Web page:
A Fight Over Automation Plans at US Hydroelectric Dams


Michael Arendt has spent his career on the water. After working his way up through the US Merchant Marines from deckhand to riverboat captain, he came ashore in 2001 to work as a lock and dam operator for the US Army Corps of Engineers. He now guides boats hauling anything from rocks to missiles through Alabama’s Tennessee–Tombigbee Waterway, which connects Tennessee and Alabama to the Gulf of Mexico.

Arendt enjoys the work and sees lock and dam operators as a crucial part of US transportation infrastructure and national security. It’s why he joined a campaign in the mid-2000s to prevent the Corps of Engineers from outsourcing jobs like his to contractors, resulting in the US Congress passing a law requiring the work stay with federal employees. It’s also why Arendt is speaking out again now, protesting Corps of Engineers plans to remotely manage 13 locks and hydroelectric dams in the southeast and replace onsite staff with workers who control them remotely from a central office.

Arendt’s own facility is not on that list for now, but he fears the plan will make US infrastructure and waterways less safe and more vulnerable to cyberattacks. “It’s important in all these systems to have eyes and ears on the waterfront,” says Arendt, who is an officer with the International Federation of Professional and Technical Engineers (IFPTE) labor union. He recalls an incident when a barge passenger fell overboard in wintertime and Arendt helped him get back to shore, something a remote operator could not do.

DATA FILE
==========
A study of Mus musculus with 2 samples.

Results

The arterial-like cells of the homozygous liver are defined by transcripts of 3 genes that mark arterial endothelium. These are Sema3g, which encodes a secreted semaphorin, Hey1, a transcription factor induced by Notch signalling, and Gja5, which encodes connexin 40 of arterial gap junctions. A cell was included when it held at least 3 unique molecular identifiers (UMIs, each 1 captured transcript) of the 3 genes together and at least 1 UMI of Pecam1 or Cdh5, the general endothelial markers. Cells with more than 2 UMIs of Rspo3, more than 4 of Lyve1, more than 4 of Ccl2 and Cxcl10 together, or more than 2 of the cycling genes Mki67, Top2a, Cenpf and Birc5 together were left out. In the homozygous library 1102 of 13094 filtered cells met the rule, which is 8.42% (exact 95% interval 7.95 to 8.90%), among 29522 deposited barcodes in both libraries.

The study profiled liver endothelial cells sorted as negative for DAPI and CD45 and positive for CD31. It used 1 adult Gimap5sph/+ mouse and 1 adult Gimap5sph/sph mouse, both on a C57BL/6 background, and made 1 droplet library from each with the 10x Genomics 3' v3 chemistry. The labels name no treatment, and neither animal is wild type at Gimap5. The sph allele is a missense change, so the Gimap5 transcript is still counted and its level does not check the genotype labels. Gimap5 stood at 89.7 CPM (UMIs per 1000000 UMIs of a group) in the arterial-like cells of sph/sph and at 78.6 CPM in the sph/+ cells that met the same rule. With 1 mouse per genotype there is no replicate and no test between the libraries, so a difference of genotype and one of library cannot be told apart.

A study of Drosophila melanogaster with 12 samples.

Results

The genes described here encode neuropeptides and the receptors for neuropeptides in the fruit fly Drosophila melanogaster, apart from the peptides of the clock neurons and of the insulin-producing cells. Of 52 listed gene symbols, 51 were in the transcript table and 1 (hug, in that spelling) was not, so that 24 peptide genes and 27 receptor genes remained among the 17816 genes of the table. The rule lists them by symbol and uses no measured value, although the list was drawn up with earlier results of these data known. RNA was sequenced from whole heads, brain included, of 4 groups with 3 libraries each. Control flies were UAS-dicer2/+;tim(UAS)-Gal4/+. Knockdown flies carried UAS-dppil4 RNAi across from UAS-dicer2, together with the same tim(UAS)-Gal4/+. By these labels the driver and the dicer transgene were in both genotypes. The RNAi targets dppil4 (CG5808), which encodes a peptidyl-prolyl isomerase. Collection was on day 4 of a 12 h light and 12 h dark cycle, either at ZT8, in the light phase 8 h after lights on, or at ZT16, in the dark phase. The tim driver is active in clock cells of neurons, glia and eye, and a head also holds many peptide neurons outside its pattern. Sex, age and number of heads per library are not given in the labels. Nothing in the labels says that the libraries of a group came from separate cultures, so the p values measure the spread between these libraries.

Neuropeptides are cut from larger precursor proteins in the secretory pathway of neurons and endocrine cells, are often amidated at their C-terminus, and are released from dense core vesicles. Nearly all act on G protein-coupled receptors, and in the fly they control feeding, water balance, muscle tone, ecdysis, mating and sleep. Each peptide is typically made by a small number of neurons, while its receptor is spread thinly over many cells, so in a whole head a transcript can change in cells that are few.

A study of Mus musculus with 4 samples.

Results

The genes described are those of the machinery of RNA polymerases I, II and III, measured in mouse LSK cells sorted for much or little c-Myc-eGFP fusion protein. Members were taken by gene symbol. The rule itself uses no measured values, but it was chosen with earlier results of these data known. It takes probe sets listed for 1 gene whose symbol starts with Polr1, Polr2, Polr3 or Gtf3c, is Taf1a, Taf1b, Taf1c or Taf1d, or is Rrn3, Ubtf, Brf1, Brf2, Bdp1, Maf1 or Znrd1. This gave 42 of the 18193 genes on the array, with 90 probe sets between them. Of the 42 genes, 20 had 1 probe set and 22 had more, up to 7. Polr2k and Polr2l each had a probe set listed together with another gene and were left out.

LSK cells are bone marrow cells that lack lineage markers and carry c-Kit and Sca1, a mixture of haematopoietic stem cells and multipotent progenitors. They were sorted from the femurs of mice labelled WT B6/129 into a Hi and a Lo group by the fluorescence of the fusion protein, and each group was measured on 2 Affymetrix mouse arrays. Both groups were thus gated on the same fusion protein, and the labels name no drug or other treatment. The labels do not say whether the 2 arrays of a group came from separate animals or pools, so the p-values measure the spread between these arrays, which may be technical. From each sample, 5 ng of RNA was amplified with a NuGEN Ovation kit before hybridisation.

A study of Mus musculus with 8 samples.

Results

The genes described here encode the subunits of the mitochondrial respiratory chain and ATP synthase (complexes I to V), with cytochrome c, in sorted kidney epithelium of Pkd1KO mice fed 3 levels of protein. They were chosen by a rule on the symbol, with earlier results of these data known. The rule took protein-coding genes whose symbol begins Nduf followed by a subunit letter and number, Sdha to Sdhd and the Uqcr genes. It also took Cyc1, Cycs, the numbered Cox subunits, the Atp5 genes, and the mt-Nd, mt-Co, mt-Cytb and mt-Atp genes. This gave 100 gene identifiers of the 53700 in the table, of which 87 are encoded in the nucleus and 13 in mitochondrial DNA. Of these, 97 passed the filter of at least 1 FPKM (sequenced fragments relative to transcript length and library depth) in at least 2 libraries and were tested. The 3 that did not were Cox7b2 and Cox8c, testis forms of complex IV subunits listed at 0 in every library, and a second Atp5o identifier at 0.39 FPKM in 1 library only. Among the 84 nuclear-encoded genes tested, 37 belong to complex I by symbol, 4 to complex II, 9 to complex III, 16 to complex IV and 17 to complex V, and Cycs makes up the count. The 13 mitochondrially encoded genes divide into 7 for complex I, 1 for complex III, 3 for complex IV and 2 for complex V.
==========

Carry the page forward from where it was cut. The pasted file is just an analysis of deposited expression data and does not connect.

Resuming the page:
“I don’t know if they’re going to be able to see this type of thing when there’s so much else going on,” Arendt says. Workers on site like him use cameras to monitor dams and locks but also walk the rounds. Remote operators will also use cameras but have to supervise multiple facilities at once, and won’t be able to step outside in an emergency or for a closer look in bad weather.

The Corps of Engineers plans to centralize operation of the 13 facilities by the end of 2023, adding to the rolls of many others the organization already operates that way. The locks and dams are currently staffed 24/7 by 29 people. That number will go down to 12 once the remote operations plan is complete, with each operator overseeing multiple dams. The first of the project’s dams came online this summer, when workers began operating the Jim Woodruff hydroelectric dam and lock on the Florida–Georgia border from 80 miles away in Fort Gaines, Georgia.

Bringing more dams online is intended to reduce labor costs, according to emails from the Corps of Engineers’ South Atlantic Division sent in response to questions from WIRED. By doing so it hopes to pacify concerns about pricing from hydroelectric power customers, the emails said, while also claiming that automation and upgraded systems installed at the centralized hub will improve reliability and reduce power outages. Operators will be offered retraining for different onsite jobs, but the Corps of Engineers hasn’t worked out the details yet.

The IFPTE says the plan not only destroys jobs and harms waterfront safety, but could also open vital US transportation and energy infrastructure to cybersecurity threats. State-backed attackers from around the world have developed software that can target critical infrastructure control systems. Russian government hackers infamously caused blackouts in Kyiv, Ukraine, in 2015 and 2016, attacks that investigators say should be classified as war crimes. And in 2013, an Iranian hacker allegedly attacked a tiny, 20-foot-tall dam in Westchester County, New York, accessing information that included water levels and the status of the dam’s sluice gate, which opens and closes to control flow and water levels.

That attacker would have been able to remotely operate the sluice gate, according to a 2016 US Department of Justice indictment, had the dam not been offline for repairs at the time. It’s unclear why such a minor facility would have been targeted, but the incident shows that cyberattacks on dams are not just a theoretical hazard. “It’s a nightmare coming,” Arendt says. “It needs to be secured.”